The Joy of [Orthodox] Sex
Between desire and abstinence
The proceedings of a volatile 2005 conference on sex, sexuality and Modern Orthodoxy are collected in Gender Relationships in Marriage and Out, edited by Rivkah Blau (Yeshiva University Press). Jennie Rosenfeld explains the impetus for the volume in her introduction: “The conflict between living as an Orthodox Jew and simultaneously living in the modern world is acute in the areas of sexuality and relationships… Individuals at all stages of life are struggling.”
Certainly there are problems out there in Jewish coupling: young singles pining to find their bashert — the mate they were meant for. People struggling with sexual inclinations that don’t match traditional prescriptions. Married couples whose wish to live according to Jewish law is confounded by its demands for prolonged periods of sexual abstinence. Others face “halakhic infertility” (caused when a woman’s fertile period coincides with her post-menstrual days of “ritual impurity”).
The most broad-ranging treatment here comes from Israeli “Internet rabbi” Yuval Cherlow, drawing upon some 80,000 questions put to “Ask the Rabbi” forums. On issues like premarital sex, masturbation, homosexuality and infidelity of both the “virtual” (online) and the actual kind, his approach is rigorously halakhic; nevertheless, the public nature of the forum forces him to confront these as realities. For example, he relates that when a prominent yeshiva head reproached him over his involvement with people of “alternative sexual orientation,” Cherlow pointed out to him (after first obtaining their permission) four young men in his own yeshiva who had approached him via the Internet in this regard. The rosh yeshiva was shocked, and, as Cherlow says, “his criticism changed to support and encouragement.”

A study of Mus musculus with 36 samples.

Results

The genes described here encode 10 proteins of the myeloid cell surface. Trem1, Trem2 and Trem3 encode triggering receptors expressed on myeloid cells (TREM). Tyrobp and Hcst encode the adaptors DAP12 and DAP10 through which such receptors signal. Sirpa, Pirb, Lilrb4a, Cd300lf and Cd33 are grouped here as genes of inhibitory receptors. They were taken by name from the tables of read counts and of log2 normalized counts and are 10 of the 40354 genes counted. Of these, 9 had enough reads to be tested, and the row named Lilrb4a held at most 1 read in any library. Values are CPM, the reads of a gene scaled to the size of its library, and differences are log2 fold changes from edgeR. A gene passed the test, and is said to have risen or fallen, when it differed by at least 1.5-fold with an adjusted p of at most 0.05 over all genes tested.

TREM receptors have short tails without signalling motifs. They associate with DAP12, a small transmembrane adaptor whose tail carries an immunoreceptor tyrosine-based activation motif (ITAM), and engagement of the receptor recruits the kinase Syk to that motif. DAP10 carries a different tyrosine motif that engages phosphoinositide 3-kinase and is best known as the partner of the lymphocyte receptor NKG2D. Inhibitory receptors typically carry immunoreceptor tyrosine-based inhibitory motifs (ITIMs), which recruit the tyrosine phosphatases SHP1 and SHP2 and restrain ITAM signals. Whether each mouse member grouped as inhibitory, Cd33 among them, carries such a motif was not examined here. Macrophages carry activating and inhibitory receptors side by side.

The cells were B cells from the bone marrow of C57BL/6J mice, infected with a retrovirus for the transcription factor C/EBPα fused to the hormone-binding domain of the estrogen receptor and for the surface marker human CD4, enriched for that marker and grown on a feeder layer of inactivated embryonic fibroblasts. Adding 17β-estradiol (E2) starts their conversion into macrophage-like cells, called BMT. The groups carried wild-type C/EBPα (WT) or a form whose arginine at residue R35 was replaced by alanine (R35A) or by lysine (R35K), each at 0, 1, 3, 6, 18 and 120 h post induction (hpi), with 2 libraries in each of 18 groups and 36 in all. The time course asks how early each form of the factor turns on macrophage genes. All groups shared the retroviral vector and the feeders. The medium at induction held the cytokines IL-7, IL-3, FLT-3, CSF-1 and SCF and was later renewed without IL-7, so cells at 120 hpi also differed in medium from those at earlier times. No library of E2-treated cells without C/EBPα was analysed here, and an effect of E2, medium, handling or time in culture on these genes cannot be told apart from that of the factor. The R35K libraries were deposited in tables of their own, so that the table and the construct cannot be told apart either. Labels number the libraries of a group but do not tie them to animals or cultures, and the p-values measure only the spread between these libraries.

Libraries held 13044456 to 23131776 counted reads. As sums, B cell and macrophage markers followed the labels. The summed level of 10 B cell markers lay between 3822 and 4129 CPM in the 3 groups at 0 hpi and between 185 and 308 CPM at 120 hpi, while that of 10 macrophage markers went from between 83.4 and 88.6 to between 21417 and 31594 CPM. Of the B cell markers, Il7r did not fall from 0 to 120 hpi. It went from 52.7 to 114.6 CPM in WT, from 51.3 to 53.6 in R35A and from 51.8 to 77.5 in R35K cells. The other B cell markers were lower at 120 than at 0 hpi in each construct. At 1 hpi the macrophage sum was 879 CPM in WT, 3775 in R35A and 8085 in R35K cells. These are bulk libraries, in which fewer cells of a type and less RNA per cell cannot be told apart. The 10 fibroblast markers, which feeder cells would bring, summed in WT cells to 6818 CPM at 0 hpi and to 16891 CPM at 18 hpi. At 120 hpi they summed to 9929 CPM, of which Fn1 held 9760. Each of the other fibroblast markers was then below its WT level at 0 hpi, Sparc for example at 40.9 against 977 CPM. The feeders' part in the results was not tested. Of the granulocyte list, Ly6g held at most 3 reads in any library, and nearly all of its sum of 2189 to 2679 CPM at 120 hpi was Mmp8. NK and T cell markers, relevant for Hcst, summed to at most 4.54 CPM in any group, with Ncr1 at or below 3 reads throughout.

On the other hand, Cherlow stands by the preconception that the family structure of “a father, a mother and children” was “extremely stable” throughout Jewish history. Was he listening when historian Shaul Stampfer declared that “traditional Jewish society in Eastern Europe was characterized by a high level of divorce”?
Three essays deal with the proliferation of young Orthodox singles in American cities. Sociologist Sylvia Barack Fishman is adamant that neither feminist attitudes nor high educational levels are responsible for late marriage; she points, rather, to ever-more-exacting criteria imposed upon the marital “merchandise” by members of both sexes — such as body builds defined by the “media-created construction of beauty,” or “perfect” levels of religious observance. This extended singleness raises unprecedented tensions: if, starved for human touch, individuals violate their own standards of forbidden physical contact, can they carry on religiously as though nothing has happened? Meanwhile, community leaders ask: Does mainstreaming singles risk legitimizing a way of life alien to Jewish mores?
The realities of Jewish married life are addressed sensitively by several essays discussing education for “family purity” observance. Does the period of enforced abstinence following the menstrual period really make a wife “as dear to [her husband] as on their wedding day”? Not always, admits Deena R. Zimmerman. However, halakhic arguments in favor notwithstanding, shortening the period of abstinence will have to wait, according to Zimmerman, for “the rebuilding of the Temple.” Though trained as a female halakhic advisor (a new institution on the Orthodox scene), she urges those in need of leniencies to pop their stained underwear into the mailbox of a male posek (rabbinic decisor). Was she there for Stampfer’s remark that “questions of taharat hamishpahah were [traditionally] in the purview of women”?
The book concludes with an excellent presentation of a comprehensive sample curriculum on “Life Values and Intimacy Education” for yeshiva day schools, by Yocheved Debow and Anna C. Woloski- Wruble. In the crucial area of sexual values and ethics, why aren’t these compelling ideas addressed not only to the Modern Orthodox, but to Jews everywhere?
Deborah Greniman is Managing Editor of Nashim: A Journal of Jewish Women’s Studies and Gender Issues and Senior Editor at the Israel Academy of Sciences and Humanities in Jerusalem.